Anatomists and murderers
The study of human anatomy flourished between the seventeenth and nineteenth centuries.
The seventeenth century anatomical theatre at Leiden University was well known for dissections. It also served as an arena to promote the Leiden medical curriculum as well as a popular place for public discussion.
In the eighteenth century Edinburgh brothers John and William Hunter were major figures in the development and understanding of anatomy and medicine.
Henry Gray’s classic book Anatomy : descriptive and surgical, illustrated by Henry Vandyke Carter, was first published by John W. Parker in England in 1858. Gray’s Anatomy (currently in its fortieth edition) is still used today by medical students and doctors.
Alexander Monro, primus (1697–1767) was a surgeon and anatomist. He was born in London and between 1710 and 1719 he studied at Edinburgh, Paris and Leiden. Monro taught anatomy at Edinburgh from 1720 until 1758. His reputation as a brilliant teacher spread and his classes were extremely popular. In 1720 there were fifty-seven students in his class; by 1751 attendance had reached nearly two hundred and he had to offer the course in two separate classes, one later taught by his son Alexander Monro, secundus. He was crucial to the success of the Edinburgh Medical School, and trained generations of physicians and surgeons from many countries.
Monro’s work, The anatomy of the humane bones, was published in 1726 and for a century, was a popular text in English and other languages. He also published pamphlets, and six volumes of Medical essays and observations (1732–44). These books and pamphlets are all reprinted in The works of Alexander Monro, M.D.
'The works of Alexander Monro, M.D.' Edinburgh : Printed for Charles Elliot, Parliament-Square, 1781.
By the nineteenth century there were too many students of anatomy and not enough bodies available through legal means. The practice of anatomy began relying on the work of the ‘resurrectionists’ or body-snatchers. The penalty for removing a body from a grave was only a fine or imprisonment so for many it was worth the risk for what was then a lucrative business.
Grave-robbing became so widespread that relatives often watched over a dead body until burial and kept watch over the grave afterwards. Mortsafes were also used: these were extremely heavy iron rods and plates padlocked together. An example can still be seen today in Greyfriars churchyard, Edinburgh.
Edinburgh-born anatomist and ethnologist Robert Knox (1791–1862) studied at both Edinburgh and London. From 1826 he built up a reputation as a skilled anatomy teacher which helped to raise the profile of the study of anatomy not only in Edinburgh but throughout Britain. His classes were huge due to his popularity and charisma - his lectures attracted lawyers, priests and artists as well as his own students. Knox approached his subject in a new and exciting way compared to his forebears and associates.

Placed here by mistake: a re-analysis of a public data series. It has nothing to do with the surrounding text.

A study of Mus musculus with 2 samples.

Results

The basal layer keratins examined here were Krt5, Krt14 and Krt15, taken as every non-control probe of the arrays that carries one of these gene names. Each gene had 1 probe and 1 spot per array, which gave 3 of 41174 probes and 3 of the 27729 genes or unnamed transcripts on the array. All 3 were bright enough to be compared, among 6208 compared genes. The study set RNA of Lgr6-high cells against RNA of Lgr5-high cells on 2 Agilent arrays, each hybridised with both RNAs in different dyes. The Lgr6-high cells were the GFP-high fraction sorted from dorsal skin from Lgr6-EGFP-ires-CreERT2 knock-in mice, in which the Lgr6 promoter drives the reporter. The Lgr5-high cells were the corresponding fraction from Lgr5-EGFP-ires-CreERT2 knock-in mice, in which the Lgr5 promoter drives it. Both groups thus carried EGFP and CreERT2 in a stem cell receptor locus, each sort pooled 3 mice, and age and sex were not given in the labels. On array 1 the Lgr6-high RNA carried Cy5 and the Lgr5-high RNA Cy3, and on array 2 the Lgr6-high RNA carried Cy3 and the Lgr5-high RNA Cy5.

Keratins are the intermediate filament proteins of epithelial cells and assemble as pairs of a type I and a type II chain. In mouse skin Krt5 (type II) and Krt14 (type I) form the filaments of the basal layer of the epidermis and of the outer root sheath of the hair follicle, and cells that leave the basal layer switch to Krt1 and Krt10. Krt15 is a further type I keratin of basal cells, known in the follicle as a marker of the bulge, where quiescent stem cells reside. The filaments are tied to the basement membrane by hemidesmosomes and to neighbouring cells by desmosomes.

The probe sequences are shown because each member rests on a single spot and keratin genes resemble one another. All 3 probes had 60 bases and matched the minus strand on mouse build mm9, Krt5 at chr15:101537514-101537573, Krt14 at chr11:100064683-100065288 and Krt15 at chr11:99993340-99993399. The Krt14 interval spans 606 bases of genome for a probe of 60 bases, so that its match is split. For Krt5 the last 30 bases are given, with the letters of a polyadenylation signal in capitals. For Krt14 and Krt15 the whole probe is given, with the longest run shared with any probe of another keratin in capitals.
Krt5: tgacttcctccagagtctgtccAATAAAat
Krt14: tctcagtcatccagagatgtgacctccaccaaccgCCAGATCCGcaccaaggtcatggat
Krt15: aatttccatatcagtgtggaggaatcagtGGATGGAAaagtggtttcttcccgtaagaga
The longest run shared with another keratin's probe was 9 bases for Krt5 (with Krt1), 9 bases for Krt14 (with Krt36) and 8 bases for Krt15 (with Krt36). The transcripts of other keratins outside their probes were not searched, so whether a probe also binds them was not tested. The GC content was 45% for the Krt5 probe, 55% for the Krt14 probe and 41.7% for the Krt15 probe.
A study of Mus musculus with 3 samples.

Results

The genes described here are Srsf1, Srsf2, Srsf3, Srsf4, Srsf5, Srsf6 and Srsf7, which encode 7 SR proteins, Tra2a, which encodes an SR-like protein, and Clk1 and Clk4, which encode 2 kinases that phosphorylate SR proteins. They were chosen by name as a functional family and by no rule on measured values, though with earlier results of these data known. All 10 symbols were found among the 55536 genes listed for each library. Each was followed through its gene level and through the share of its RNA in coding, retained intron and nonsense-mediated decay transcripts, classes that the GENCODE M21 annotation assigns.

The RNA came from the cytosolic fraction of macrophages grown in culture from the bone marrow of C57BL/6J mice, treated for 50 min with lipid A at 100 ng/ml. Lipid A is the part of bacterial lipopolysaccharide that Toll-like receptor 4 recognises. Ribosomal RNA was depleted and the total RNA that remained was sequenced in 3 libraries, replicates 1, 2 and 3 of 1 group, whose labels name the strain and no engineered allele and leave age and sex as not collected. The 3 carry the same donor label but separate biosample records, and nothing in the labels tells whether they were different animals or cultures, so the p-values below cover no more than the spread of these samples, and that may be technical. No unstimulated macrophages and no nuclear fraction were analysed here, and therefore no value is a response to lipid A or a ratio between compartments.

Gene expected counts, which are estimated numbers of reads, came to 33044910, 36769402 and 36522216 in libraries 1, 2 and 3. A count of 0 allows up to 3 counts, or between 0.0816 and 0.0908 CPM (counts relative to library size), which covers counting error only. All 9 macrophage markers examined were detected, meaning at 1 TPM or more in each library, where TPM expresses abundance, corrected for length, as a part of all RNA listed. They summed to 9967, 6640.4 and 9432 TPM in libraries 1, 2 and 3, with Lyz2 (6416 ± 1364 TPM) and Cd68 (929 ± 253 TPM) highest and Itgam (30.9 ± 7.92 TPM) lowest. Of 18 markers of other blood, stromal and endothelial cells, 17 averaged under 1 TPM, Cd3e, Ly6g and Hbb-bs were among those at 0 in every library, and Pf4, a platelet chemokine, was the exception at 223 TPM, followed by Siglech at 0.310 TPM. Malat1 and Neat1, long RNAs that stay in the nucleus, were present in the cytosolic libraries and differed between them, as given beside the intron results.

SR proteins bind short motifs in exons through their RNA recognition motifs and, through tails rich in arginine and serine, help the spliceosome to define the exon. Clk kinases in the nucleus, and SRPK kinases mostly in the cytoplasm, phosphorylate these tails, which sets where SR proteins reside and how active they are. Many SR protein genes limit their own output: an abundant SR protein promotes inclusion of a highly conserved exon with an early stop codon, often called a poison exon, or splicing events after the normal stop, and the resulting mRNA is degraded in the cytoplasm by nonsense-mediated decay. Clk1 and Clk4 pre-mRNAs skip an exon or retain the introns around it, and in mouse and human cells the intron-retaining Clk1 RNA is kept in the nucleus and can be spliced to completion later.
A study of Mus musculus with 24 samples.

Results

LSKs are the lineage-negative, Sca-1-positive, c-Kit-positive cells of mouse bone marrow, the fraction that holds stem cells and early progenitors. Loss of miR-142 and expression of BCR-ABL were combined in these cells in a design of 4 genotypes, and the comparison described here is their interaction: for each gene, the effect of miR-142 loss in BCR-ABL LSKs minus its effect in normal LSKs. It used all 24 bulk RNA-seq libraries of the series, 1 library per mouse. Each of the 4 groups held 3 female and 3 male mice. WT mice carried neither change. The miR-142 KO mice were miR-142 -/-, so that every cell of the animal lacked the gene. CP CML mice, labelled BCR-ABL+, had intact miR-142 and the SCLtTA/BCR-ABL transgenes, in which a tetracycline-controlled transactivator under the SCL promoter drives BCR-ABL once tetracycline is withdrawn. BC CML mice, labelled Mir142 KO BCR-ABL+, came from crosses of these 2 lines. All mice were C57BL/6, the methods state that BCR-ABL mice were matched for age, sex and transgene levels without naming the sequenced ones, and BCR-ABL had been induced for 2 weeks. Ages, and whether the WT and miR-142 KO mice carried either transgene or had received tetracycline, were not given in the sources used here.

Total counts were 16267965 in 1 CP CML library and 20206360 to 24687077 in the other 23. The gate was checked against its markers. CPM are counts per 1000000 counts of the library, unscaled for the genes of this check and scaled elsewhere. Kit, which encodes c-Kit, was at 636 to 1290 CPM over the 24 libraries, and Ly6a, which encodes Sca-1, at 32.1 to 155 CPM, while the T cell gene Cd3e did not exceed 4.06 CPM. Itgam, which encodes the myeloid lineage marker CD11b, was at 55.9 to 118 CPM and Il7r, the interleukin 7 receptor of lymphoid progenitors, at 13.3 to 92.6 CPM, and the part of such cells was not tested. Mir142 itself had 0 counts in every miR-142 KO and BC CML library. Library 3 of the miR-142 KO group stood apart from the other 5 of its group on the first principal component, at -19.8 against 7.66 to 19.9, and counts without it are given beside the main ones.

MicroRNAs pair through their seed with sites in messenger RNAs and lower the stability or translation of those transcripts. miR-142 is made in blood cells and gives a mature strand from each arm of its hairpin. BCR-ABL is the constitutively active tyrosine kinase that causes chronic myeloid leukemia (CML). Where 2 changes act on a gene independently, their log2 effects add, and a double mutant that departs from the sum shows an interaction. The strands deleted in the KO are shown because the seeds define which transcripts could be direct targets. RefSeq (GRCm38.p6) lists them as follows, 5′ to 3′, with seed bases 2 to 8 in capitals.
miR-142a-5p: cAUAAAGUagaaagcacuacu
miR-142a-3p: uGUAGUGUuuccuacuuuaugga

'A sketch of the life and writings of Robert Knox, the anatomist' by Henry Lonsdale. London : Macmillan and Co., 1870.
However, although Knox was one of many anatomists obtaining bodies from the ‘resurrectionists’, he also became involved with William Burke and William Hare.
Up the close and down the stair,
In the house with Burke and Hare.
Burke’s the butcher, Hare’s the thief,
Knox, the boy who buys the beef.
(nineteenth century children’s rhyme)
Burke and Hare were Irish immigrants living in Edinburgh. They carried out at least fifteen murders between 1827 and 1828 by enticing lonely people into their house, supplying them with alcohol and suffocating them. They then sold the bodies to Knox for dissection. After being arrested and charged, Hare gave evidence against Burke, leading to his own release. Hare fled Edinburgh and the date of his death is unknown. Burke was hanged in 1829. His skeleton can be seen at the Anatomical Museum, School of Biomedical Sciences, University of Edinburgh. The story of Burke and Hare has been referenced in popular culture such as Robert Louis Stevenson’s The Body Snatcher and as recently as 2010 in the John Landis film Burke & Hare.
Knox was not called as a witness in the trial and withdrew from the public eye. He denied all knowledge of the murders and was outraged that he could be seriously linked with Burke and Hare. Nevertheless, the public and some colleagues thought Knox guilty and to this day opinion remains divided. Knox became a satirist and cynic, using the press to publicize his opinions concerning the administration of the study of medicine within the university and to attack colleagues.
The murders prompted Parliament to look at changing legislation. In 1832 the Anatomy Act gave doctors and anatomists the opportunity to get a license in order to dissect donated bodies and consequently eliminate the demand for body-snatching.
'The history of Burke and Hare and of the resurrectionist times : a fragment from the criminal annals of Scotland' by George MacGregor. Glasgow : Thomas D. Morison; London : Hamilton, Adams & Co., 1884.